Soto, Gary. 1995. Canto Familiar. Illustrated by Annika Nelson. New
York: Harcourt Brace & Company. ISBN: 0-15-200057-4.
In Canto Familiar, or familiar songs, Soto shares 25 free-verse poems
about everyday occurrences that are familiar to many: losing glasses, eating favorite foods, playing with a baby, and seeing
a teacher outside the classroom. Soto uses imagery liberally, such as the ballet folklorico dancer who says, “I
love my dress/ Flushed with the colors/ Of Mexico/ Twirling
like an umbrella" (54). The poems are told in the voices of Hispanic children, sometimes a male voice and sometimes a
female. The lines are short, usually containing only three or four words. Spanish words and phrases are frequently mixed in
with English, but one can usually interpret the Spanish from context or from the use of English words below. The poems vary
in length – many are three or more pages, some are just one page. Frequently, the poem endings contain a surprise or
a poignant message. For example, in Sarape, a poem about a picnic, a baby, and
a colorful sarape, Soto’s final words are, “I would like to throw/ This sarape/ Into the air/And drench the sky/
With ancient color” ( 9).
Nelson’s "block print" illustrations are appealing and colorful.
Her one-dimensional illustrations are filled with decorative details. Kalajian writes that they "...bounce off white
pages with vibrant magentas and bold blues outlined with thick black lines" (SLJ, 1995). As pleasing as the illustrations
are, this reviewer is not sure they work well with the text. The characters are depicted with tan skin, but most of the characters'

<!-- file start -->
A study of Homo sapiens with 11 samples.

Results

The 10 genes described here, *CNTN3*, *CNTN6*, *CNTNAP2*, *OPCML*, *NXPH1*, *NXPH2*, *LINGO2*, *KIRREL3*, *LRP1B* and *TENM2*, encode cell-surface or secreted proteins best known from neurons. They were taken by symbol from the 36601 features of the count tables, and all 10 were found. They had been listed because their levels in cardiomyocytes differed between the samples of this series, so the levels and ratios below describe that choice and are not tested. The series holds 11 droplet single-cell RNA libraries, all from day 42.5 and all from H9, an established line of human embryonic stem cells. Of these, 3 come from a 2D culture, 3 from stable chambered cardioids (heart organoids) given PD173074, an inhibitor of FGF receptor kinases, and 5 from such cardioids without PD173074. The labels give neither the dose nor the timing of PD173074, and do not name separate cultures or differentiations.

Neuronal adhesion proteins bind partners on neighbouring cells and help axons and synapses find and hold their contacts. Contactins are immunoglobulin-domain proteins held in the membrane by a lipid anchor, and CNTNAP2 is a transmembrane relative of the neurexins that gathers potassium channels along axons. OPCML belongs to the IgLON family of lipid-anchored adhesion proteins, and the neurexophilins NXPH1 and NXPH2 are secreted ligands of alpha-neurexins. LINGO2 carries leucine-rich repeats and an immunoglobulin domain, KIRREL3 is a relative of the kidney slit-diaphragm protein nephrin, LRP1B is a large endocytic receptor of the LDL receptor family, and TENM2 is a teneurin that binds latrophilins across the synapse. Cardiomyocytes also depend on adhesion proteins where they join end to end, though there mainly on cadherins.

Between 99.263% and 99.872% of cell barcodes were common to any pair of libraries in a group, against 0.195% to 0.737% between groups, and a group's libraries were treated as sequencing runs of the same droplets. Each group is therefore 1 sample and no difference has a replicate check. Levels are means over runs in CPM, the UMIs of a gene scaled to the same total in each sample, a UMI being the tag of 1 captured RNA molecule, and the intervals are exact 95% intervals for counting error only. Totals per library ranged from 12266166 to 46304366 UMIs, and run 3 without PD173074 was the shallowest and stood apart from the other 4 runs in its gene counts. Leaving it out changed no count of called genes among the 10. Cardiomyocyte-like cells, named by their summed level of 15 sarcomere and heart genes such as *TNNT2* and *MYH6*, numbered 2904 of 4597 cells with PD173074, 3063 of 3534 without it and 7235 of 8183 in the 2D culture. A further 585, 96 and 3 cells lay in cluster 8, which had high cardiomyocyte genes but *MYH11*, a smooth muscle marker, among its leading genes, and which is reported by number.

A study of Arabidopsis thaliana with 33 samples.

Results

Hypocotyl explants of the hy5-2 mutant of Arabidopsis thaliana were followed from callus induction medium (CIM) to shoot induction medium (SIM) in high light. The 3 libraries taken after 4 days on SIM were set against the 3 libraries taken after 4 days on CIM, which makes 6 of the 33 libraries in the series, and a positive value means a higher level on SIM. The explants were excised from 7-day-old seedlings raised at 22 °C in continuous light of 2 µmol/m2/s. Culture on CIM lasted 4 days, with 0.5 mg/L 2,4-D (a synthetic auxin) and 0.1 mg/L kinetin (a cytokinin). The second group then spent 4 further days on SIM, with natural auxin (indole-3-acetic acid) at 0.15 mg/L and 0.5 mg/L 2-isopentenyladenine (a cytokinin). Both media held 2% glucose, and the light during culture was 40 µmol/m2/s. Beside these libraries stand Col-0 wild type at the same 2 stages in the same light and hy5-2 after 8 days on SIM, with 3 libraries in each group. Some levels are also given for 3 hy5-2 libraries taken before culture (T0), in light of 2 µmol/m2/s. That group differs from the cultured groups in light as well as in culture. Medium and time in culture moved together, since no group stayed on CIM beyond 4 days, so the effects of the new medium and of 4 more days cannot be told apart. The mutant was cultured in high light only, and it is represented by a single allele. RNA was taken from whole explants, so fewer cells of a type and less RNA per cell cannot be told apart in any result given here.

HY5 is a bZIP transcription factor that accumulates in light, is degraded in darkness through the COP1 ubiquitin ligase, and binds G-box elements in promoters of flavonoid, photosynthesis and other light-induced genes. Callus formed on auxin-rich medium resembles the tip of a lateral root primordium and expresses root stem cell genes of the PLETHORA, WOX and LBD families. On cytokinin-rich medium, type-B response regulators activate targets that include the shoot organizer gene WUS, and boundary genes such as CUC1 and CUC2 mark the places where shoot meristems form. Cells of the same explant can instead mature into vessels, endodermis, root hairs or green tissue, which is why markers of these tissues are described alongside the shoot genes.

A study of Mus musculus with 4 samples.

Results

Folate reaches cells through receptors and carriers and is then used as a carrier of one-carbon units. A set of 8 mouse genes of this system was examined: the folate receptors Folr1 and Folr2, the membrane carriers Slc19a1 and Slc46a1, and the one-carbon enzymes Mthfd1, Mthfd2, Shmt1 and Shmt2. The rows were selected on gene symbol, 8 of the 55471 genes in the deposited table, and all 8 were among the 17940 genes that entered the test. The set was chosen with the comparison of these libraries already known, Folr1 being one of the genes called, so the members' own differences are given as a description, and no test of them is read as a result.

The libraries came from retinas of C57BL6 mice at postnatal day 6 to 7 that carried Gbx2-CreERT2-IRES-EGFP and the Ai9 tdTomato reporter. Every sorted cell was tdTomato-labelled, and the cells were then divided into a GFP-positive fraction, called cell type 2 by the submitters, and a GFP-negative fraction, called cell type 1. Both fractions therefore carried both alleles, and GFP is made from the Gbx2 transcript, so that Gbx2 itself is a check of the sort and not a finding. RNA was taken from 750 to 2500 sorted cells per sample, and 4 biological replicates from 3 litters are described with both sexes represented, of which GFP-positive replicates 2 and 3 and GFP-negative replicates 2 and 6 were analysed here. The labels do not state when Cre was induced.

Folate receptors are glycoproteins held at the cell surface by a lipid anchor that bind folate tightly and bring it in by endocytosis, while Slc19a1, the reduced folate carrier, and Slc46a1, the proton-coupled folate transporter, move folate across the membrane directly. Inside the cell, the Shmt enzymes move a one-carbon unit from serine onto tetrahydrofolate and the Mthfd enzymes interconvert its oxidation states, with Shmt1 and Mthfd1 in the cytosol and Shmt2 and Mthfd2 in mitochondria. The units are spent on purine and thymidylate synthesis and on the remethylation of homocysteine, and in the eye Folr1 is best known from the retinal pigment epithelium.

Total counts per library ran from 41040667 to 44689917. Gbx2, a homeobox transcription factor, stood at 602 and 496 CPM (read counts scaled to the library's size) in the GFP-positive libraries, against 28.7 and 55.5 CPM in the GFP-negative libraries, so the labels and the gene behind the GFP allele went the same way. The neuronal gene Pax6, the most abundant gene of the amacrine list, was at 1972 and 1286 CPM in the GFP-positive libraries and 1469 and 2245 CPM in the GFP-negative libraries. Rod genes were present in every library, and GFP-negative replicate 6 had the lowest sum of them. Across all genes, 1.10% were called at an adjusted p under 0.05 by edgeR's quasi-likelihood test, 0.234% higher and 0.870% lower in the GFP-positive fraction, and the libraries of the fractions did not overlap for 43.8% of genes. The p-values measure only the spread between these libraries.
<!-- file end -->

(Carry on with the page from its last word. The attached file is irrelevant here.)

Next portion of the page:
facial features, hairstyles, and clothes look blandly American. The illustrations
do not expand the audience’s understanding of the text. Generally, the illustrations do match the text, but a few are
positioned too early and give away the ending. One example of this is Eyeglasses
Soto supplies numerous cultural markers including names, food, close extended
families, folk dance, costumes, language, religion, and music. He does not address physical descriptions or celebrations.
Names include Enrique, Angel, and Maria. Several poems mention Mexican foods or dishes, such as tripas,
tortillas, and chicken mole. In one of the poems, the children visit their grandfather, and they obviously feel
close to him. From a future ballerina, we learn about her ballet folklorico costume and her dance of “The Little Old
Men” (55). Spanish words and phrases are integrated into almost all the poems in a natural way. A child
talks about confessing in church in two languages, and another child "clapped out 'Las Mananitas' on pie tins" (18).
Most of the poems in this collection are endearing. Regardless of their cultural
background, many readers will relate to the characters, the topics, and the sentiments. However, the way Soto varies who speaks
in the poem can be confusing. Sometimes, I pictured a boy saying the poem and later learned it was a girl. The illustrations
do help with this, but not all the poems are illustrated. The work would have been enhanced if Soto had introduced the narrators
at the beginning of the book or had written a note for each poem. Adults and children ages 9-12 will enjoy these “familiar
songs” and the cultural journey that accompanies them.